BEAUMONT — Andrew Allen’s arrival at Lamar has not changed the quarterback race, the Cardinals’ coach at that position said.

“Honestly, at every position, it’s an open competition,” Ramon Flanigan said. “It’s no different.”

But it won’t be argued that Allen has added a different dimension to the race.

He’s the only contender for the starting role with two years of Division I experience, let alone the only one who’s played in the Football Bowl Subdivision. The junior transfer from Texas City has logged his first two seasons at New Mexico State, taking on the likes of Louisiana-Lafayette and Texas State in the Sun Belt Conference.

“Just my experience of being on the playing field,” Allen said, is what he brings to the table in Beaumont. “There’s a lot of young guys here, and I just want to bring my experience to help this program the best I can.”

Returning starter Carson Earp, though, has been working out with the first string since preseason camp began Thursday, and Flanigan acknowledged that the senior, who transferred last year from Navarro Junior College, is further ahead than the other starting hopefuls because of his knowledge of the Lamar playbook.

Allen said he’s grasped the offense pretty well, although he officially joined the team Thursday.

“They threw everything at me so fast, I had no choice but to learn it and take in a lot of reps,” he said. “I don’t want to go out there and look clueless. I take pride in doing my job.”

The week leading up to Allen’s official arrival had been pretty interesting. He finished his final class at New Mexico State on Friday in order to be eligible to immediately play for Lamar, and his daughter Addison turned 10 months on Monday.

Addison is a big reason why Allen chose to transfer from the Las Cruces campus, where he had a breakout season with 1,529 passing yards and 16 touchdowns as a sophomore. He was 10 for 16 for 120 yards as a freshman.

Allen also totaled 352 yards and a TD on 97 career carries for the Aggies, who went 2-9 and 3-9 in 2014 and 2015, respectively.

Freshman Adam Morse, the recent Port Neches-Groves standout, is relying on Earp, among other Lamar lettermen, for help learning the Cardinals’ offense.

“It’s hard handling the new playbook, I’ll be honest with you,” Morse said. “But school and stuff, it’s not as bad as everyone says it is. It’s pretty much the same basic concepts, but learning the new terminology and stuff is the difficult part. The older guys know it like the back of their hands. They’re teaching me really well and taking me through it.”

Along with Clayton Turner, who transferred from the University of Miami in the spring, the quarterback pool at Lamar features three newcomers. Blake McKenzie, a redshirt junior whose ACL tear ended his preseason camp last August, is the only other returning player under center. Sophomore Brett Cox was ruled ineligible for the season because of academic reasons.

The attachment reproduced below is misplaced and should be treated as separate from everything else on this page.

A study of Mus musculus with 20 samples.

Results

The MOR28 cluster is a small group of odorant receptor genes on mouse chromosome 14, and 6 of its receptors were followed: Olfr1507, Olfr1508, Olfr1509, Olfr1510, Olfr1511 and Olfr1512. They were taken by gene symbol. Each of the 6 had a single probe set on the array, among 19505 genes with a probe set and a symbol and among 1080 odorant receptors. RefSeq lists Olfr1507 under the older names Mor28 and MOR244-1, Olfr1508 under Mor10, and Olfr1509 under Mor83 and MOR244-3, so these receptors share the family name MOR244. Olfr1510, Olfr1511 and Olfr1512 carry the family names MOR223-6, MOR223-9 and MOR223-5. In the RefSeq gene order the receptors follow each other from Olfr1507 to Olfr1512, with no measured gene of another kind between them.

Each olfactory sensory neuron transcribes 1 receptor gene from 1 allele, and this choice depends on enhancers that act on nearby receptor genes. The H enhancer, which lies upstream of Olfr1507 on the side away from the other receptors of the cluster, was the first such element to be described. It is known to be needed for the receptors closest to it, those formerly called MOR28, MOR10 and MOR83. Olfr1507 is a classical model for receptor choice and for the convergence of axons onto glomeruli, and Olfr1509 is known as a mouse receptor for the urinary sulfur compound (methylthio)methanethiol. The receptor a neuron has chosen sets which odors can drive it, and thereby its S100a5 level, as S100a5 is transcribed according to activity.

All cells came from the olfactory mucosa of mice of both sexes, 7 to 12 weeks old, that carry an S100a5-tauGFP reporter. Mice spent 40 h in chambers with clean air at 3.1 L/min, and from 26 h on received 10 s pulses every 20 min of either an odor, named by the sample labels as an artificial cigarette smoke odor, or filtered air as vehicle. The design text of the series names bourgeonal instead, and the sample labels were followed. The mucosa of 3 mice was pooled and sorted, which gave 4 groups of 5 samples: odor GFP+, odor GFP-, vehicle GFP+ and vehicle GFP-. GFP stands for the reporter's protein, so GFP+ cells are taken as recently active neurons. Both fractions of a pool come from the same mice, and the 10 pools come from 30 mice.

It remains to be seen if Earp can put together a full season of action, even if he doesn’t start all 11 games. He shared starts with Joe Minden last year and was the first-stringer when he was knocked out of the Oct. 1 game at Southeastern Louisiana with a collarbone injury.

“I think he was just beginning to develop and mature in this offense when he injured himself and he never was the same after that,” Lamar head coach Ray Woodard said. “He had a very good spring and summer, and I’m not going to say he’s going to be the quarterback to start the whole year, but he’s the guy to beat out. I think he deserves to come into the camp as the No. 1 quarterback. I think he’s earned that.”

Morse also is rebounding from a small stress fracture in his planting foot he sustained during summer workouts.

“I planted wrong on it in workouts,” Morse said. “I was out a few weeks. It wasn’t too much. It’s bothered me a little bit, but it’s not too bad. I can live with it.”

Earp threw for 576 yards and seven touchdowns in eight games last year. He is not allowing pressure to hit him during camp.

“If you put pressure on yourself, you’re probably not going to perform very well,” Earp said. “You got to go out there and be very confident in your abilities and what you can do and go out and play the game.”

The way Flanigan looks at it, the quarterback depth is a great situation.

“They all have good attitudes,” he said. “They’re willing to learn, and they’re trying to do what we ask them to do. For me, that’s the most important part, that they’re trying to buy into what we do offensively.”

I.C. Murrell: 721-2435. Twitter: @ICMurrellPANews

About I.C. Murrell

I.C. Murrell was promoted to editor of The News, effective Oct. 14, 2019. He previously served as sports editor since August 2015 and has won or shared eight first-place awards from state newspaper associations and corporations. He was born in Memphis, Tennessee, grew up mostly in Pine Bluff, Arkansas, and graduated from the University of Arkansas at Monticello.